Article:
Tiger Mountain land buyout to preserve forest
September 19, 2008
By Jon Savelle
Issaquah Highlands to get density from Park Pointe
Park Pointe, a forested 100-acre parcel at the foot of Tiger Mountain, at last may be getting the protection from development that has threatened it for a decade. Details of the plan were unveiled by Mayor Ava Frisinger at the Sept. 15 meeting of the City Council.
In a deal as complex as it is breathtaking, Port Blakely Communities would buy the land from First Wellington LLC, which had plans to develop the parcel with multi-family residential units. Port Blakely would then deed that land and some it now holds to the city as permanent open space and parkland.
In return for this, the city would allow Port Blakely to increase its area of commercial or retail development by 1.1 million square feet, and add 550 residential units. The Highlands developer also would be able to develop 36 of the 78 acres it owns south of Park Drive, commonly known as the WSDOT parcel.
The remainder of that parcel would be left undeveloped. When it is combined with the Park Pointe acreage, the total protected area would be 144 acres.
Port Blakely’s newly developable 36 acres would be incorporated into the Highlands. But this would require first a modification of the county’s urban growth boundary and then annexation of the rural land into Issaquah.
For the city, Port Blakely would build $3 million worth of recreational improvements to Central Park, which are expected to consist of two, lighted, all-weather sports fields. The developer also would sell to the city, at 60 percent of market value, 3.2 acres across the street from Fire Station 73. This parcel could be used to build affordable housing and a human services campus.
In addition, Port Blakely would seek to build 50 housing units affordable to those making 80 percent or less of median income.
Finally, the city would transfer to Port Blakely up to two acres it received from a prior agreement with the state Department of Transportation. This land too would be included in the Highlands.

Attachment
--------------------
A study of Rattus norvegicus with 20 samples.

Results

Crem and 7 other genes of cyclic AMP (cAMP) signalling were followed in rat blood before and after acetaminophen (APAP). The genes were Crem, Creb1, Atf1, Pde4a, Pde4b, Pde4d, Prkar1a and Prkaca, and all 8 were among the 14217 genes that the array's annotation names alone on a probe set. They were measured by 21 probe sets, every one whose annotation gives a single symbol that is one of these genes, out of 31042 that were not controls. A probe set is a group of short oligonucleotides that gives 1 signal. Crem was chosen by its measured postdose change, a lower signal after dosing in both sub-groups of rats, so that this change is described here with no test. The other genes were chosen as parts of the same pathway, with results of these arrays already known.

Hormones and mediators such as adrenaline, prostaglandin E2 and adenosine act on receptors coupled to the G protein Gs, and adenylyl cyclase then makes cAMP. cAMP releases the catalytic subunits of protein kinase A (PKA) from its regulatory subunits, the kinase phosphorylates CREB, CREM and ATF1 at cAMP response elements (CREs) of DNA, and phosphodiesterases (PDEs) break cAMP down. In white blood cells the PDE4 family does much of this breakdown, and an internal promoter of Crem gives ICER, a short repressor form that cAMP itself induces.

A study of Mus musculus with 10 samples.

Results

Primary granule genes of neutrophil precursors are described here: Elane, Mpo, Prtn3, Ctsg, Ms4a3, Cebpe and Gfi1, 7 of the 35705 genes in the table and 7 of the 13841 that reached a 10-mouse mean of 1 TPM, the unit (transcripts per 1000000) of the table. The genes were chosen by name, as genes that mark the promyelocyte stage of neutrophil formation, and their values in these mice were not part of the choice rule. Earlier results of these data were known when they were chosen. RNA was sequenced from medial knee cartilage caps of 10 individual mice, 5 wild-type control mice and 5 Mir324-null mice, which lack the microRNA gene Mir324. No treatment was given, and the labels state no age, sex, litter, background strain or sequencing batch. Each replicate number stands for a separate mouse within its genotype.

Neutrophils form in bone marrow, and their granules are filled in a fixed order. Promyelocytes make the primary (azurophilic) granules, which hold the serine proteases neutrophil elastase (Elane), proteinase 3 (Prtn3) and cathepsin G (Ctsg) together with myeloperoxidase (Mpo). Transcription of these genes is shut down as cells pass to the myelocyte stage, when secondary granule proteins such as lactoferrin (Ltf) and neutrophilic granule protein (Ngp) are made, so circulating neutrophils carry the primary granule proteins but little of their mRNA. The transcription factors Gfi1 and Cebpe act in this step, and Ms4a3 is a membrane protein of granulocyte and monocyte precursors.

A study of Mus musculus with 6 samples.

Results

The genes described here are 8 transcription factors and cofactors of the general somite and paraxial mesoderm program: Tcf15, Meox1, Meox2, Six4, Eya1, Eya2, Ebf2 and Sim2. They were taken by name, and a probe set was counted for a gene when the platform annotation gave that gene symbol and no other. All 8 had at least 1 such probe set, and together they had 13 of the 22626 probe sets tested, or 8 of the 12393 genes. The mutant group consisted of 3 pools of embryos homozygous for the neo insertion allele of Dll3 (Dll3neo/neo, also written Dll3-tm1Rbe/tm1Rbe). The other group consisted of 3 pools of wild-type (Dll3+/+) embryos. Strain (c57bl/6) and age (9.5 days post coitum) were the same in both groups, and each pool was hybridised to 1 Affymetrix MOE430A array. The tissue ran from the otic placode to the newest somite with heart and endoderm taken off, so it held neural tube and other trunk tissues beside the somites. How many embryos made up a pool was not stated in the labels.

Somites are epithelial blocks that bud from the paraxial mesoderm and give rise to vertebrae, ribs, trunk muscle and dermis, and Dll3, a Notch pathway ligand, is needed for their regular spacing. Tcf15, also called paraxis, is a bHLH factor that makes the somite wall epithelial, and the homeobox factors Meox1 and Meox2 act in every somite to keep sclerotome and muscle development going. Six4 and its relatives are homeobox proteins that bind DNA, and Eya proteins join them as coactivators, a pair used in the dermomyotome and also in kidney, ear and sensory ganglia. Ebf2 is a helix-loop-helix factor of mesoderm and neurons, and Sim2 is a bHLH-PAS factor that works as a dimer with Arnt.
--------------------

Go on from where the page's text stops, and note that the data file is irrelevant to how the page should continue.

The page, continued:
All of these exchanges between the city and Port Blakely are laid out in Agenda Bill 5891, which proposes amending the two-party development agreement between the city and Port Blakely. Further amendments would be required of the three-party agreement between the city, county and Port Blakely that governs the WSDOT parcel.
The amendments must be approved by the City Council, which referred the bill to a committee for review. That review is expected to run into November, Frisinger said. At the same time, the deal will be scrutinized by the city’s Urban Village Development Commission and planning staff.
The city has no part in the land transaction between Port Blakely and First Wellington, and the price to be paid for the Park Pointe parcel was not disclosed.
Assuming all goes as hoped — and Frisinger cautioned that things could go wrong — the deal will bring to a close a 10-year battle of development versus preservation of the Park Pointe land.
“It really is a once-in-a-lifetime opportunity,” Frisinger said. “It’s exciting to see something that people have struggled with for years and years, happen.”
Reach reporter Jon Savelle at 392-6434, ext. 234, or firstname.lastname@example.org.